Stress is normal part of daily life. As well as affecting us when we’re under pressure, professionally or personally, stress can also come from more positive sources, such as planning a wedding, moving house or having a baby.
Wherever possible, it’s good to address the underlying cause of stress, but if it’s something beyond your control, the next best thing is to try and find ways to manage it, so that it doesn’t take a toll on your health and wellbeing.
There are a growing number of published studies and clinical trials that suggest different complementary therapies can help to reduce stress and improve mood and sleep problems. This is supported by a recent survey by FHT*, which showed that 85% of its complementary therapy members regularly (more than once a month) treat clients who have stress or anxiety.
In this blog item, FHT Vice President, Mary Dalgleish, looks at three different self-help therapy techniques that can be used to reduce stress and anxiety, whether you’re at work, home or on the move…
The adrenal glands, which are directly affected by stress, are responsible for the ‘fight-or-flight’ response we feel when under pressure. This response is meant to be short-lived, but in many cases it is a regular occurrence, leading to overworked adrenal glands. In reflexology, the adrenal reflex is found just below the ball of each foot and also on the fleshy area below the thumb on the palmar side of the hand. Gently pressing these reflex points for a few minutes can help calm the adrenal glands and reduce tension. The hands can be worked at any time of day and the feet are best worked for about five minutes per foot before bedtime.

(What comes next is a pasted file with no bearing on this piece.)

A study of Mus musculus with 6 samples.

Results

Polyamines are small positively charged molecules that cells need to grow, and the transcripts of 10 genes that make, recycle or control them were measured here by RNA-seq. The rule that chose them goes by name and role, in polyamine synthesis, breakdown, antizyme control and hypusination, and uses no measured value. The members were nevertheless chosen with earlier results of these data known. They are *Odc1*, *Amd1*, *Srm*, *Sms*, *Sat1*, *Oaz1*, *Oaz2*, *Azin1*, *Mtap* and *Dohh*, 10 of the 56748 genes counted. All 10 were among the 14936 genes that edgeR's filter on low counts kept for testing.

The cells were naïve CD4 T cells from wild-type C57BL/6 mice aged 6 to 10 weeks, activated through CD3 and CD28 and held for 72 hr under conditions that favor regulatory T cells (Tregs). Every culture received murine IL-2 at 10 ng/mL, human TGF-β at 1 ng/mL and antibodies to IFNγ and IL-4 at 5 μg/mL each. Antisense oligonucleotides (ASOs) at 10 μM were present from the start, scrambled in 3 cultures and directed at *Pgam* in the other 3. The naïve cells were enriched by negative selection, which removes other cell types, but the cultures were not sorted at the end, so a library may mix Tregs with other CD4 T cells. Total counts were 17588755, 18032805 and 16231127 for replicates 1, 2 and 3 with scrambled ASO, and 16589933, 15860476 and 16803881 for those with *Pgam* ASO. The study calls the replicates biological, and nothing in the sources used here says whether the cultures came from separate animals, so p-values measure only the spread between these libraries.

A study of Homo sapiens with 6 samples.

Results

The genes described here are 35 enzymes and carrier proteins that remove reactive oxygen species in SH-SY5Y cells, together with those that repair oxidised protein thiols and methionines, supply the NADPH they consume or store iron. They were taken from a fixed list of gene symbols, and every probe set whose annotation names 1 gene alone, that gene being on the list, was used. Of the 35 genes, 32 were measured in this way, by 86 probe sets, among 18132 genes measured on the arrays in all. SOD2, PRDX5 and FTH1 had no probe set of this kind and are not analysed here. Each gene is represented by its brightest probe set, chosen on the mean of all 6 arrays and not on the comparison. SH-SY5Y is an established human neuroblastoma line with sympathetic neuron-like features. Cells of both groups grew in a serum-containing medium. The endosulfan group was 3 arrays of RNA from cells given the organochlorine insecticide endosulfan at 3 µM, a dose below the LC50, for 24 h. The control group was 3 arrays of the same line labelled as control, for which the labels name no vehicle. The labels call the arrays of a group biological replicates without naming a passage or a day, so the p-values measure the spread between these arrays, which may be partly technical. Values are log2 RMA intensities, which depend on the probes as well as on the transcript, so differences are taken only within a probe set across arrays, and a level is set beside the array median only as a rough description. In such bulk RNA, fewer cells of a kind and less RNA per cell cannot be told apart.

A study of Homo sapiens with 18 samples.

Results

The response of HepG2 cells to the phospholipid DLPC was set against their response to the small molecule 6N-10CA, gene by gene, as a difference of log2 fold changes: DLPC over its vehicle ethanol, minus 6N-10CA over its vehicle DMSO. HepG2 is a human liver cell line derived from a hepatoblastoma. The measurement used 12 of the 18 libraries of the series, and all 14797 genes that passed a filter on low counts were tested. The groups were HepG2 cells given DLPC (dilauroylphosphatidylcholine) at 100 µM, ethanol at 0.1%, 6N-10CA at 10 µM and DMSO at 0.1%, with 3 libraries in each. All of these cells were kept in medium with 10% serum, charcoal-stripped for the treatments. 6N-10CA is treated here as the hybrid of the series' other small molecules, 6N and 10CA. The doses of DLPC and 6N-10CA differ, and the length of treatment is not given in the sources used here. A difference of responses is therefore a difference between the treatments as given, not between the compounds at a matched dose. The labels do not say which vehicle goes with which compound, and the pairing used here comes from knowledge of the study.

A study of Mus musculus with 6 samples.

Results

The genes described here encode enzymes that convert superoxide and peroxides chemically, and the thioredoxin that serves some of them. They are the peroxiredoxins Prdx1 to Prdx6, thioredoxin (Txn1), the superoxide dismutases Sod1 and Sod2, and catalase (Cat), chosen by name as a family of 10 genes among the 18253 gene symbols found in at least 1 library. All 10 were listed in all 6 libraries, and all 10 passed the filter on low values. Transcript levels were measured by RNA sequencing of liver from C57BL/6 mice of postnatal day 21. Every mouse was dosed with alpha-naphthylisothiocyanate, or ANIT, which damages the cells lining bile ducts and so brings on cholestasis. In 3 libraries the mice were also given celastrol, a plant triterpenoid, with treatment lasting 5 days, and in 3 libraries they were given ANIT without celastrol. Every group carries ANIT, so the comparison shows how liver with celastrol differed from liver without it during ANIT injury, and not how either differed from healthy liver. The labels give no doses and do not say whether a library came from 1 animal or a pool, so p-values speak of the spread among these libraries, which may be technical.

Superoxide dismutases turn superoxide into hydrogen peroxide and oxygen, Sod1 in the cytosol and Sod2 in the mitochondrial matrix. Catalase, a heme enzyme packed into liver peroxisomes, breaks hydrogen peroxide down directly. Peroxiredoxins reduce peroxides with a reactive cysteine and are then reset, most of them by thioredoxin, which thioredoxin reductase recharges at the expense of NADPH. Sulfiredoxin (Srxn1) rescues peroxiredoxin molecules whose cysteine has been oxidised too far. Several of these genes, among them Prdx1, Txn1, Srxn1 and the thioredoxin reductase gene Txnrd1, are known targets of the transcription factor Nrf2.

Aromatherapy involves using plant essential oils to help improve our health and wellbeing. Lavender is one of the most studied essential oils in terms of its relaxing effects. It has been shown to calm the nervous system, lower blood pressure, heart rate and skin temperature, as well as change brain waves to a more relaxed state. Neroli, often referred to as the ‘rescue remedy’ of essential oils, is also a valuable oil for helping to ease anxiety and stress, along with Bergamot, which is traditionally used in Italian folk medicine to relieve tension and anxiety. Add one or two drops of oil to a hanky or pillowcase and inhale when required, avoiding contact with the eyes and skin.
Facing up to stress
My speciality treatment is natural facelift massage and I am constantly amazed how tension can be released throughout the whole body when just the face is massaged. We tend to hold emotional stress in our faces – particularly in the jaw and temples – so gently massaging these areas using upward and outward circular motions helps to promote relaxation and reduce stress, while increasing muscle tone and revitalising your skin. It is easy to do yourself, using your favourite cream or oil after cleansing. Make it a daily routine to look and feel your best.
For more information about stress and Mind’s National Stress Awareness Day, which aims to reduce stress in the workplace, visit www.mind.org.uk
Find a professional therapist at fht.org.uk/findatherapist
*2019 FHT Member Survey, 608 respondents.